This section is from the book "The Manufacture Of Liquors, Wines, And Cordials, Without The Aid Of Distillation", by Pierre Lacour. Also available from Amazon: Manufacture of Liquors, Wines, and Cordials, Without the Aid of Distillation.
A popular error of the day has it that the above-mentioned articles are used in the manufacture of liquors for giving an artificial strength, etc, etc.
An examination of the properties of the articles in question will exhibit to what slight grounds popular opinion is attached to for its expressions of opinions on the subject.
The quantity of this article necessary to give a strong and cutting taste to the throat would be de-tected instantly by the palate. It should be recollected that it i only a few grains that are required for an emetic: but assuming that the tobacco was only added in minute quantities, that the palate alone would be able to distinguish a slight acridness, nausea must ensue. The acridness belonging to tobacco differs materially from the peculiar acridness that belongs to alcohol; and whence arises the necessity of using an ingredient that is in every form incompatible with the interests of the dealer, and that, too, in view of numerous articles that are in every manner better suited to the purpose, and articles, too, in their action on the palate that are analogous to alcohol.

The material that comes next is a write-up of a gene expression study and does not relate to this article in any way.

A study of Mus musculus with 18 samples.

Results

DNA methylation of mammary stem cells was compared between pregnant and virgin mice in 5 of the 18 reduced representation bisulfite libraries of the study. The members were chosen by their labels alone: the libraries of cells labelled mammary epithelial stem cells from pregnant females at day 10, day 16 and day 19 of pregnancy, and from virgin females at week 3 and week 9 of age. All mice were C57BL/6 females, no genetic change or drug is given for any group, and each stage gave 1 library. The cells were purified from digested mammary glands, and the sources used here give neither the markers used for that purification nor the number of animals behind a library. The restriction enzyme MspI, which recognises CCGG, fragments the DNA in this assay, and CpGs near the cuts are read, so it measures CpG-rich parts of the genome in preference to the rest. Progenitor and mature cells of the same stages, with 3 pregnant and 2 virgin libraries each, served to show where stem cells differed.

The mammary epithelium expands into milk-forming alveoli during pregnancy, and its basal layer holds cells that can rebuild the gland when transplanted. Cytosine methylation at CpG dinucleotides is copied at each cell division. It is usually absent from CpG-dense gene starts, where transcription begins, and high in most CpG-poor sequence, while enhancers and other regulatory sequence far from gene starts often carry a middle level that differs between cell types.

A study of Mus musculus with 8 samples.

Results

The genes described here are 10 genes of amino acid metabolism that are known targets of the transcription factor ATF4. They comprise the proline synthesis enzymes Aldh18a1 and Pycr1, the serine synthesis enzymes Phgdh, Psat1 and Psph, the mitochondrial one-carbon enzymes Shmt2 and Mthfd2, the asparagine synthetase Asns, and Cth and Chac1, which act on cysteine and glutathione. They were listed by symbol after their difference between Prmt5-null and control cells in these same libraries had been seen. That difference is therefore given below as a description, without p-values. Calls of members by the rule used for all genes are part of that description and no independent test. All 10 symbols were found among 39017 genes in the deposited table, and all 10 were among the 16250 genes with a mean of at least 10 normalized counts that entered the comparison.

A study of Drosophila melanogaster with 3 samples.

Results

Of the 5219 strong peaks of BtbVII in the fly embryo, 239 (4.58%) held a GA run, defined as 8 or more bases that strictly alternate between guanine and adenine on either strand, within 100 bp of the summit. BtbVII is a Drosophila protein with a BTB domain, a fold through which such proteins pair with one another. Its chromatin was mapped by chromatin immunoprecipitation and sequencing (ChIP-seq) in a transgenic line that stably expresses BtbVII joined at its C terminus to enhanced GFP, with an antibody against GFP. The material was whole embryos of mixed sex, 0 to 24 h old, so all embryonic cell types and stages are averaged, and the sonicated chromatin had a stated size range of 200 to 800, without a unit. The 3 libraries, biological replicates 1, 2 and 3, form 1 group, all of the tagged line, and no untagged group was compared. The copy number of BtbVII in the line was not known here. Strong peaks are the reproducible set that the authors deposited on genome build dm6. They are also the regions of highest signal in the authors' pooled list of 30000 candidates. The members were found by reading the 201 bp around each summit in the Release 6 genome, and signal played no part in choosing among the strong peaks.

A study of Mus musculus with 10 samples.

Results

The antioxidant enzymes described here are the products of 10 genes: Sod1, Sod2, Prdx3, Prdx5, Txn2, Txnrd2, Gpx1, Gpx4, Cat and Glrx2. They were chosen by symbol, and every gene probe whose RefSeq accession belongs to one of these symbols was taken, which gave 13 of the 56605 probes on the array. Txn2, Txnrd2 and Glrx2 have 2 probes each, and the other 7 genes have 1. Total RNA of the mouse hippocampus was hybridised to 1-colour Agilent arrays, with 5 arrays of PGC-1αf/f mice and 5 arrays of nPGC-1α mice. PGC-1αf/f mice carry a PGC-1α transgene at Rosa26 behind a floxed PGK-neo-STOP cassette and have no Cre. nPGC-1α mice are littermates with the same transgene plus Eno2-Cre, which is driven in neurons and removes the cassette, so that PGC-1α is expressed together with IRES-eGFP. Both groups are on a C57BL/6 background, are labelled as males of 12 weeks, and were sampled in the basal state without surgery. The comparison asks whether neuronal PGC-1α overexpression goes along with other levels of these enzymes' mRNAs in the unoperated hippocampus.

Is manufactured from potash and lime, and possesses the quality of combining with alcohol. Its action on animal matter is that of a powerful caustic, quickly destroying the parts that it is applied to; and hence the supposition that caustic potassa would produce a biting and stinging sensation in and on the throat and palate when held in solution by alcohol.
Upon testing this experiment it will be found that the spirit containing potassa is nothing more than a miserable tasted alkalized liquor; the potassa, when added in minute quantities, is not perceptible to the taste; and if a spirit contained a vinous taste this alkali would destroy it, owing to the vinosity origi nating in an acid.
The insurmountable objection to the use of red pepper is that every person is familiar with its properties (its effects on the mouth and throat); and if added in the most minute portions, it will be perceptible in the throat and palate for several minutes after the spirit has been drunk.
As to the use of acids in liquors, they do not add strength to liquor - they only yield vinosity; and the excessive use of an acid will produce an acidulated spirit unsuited to any purpose.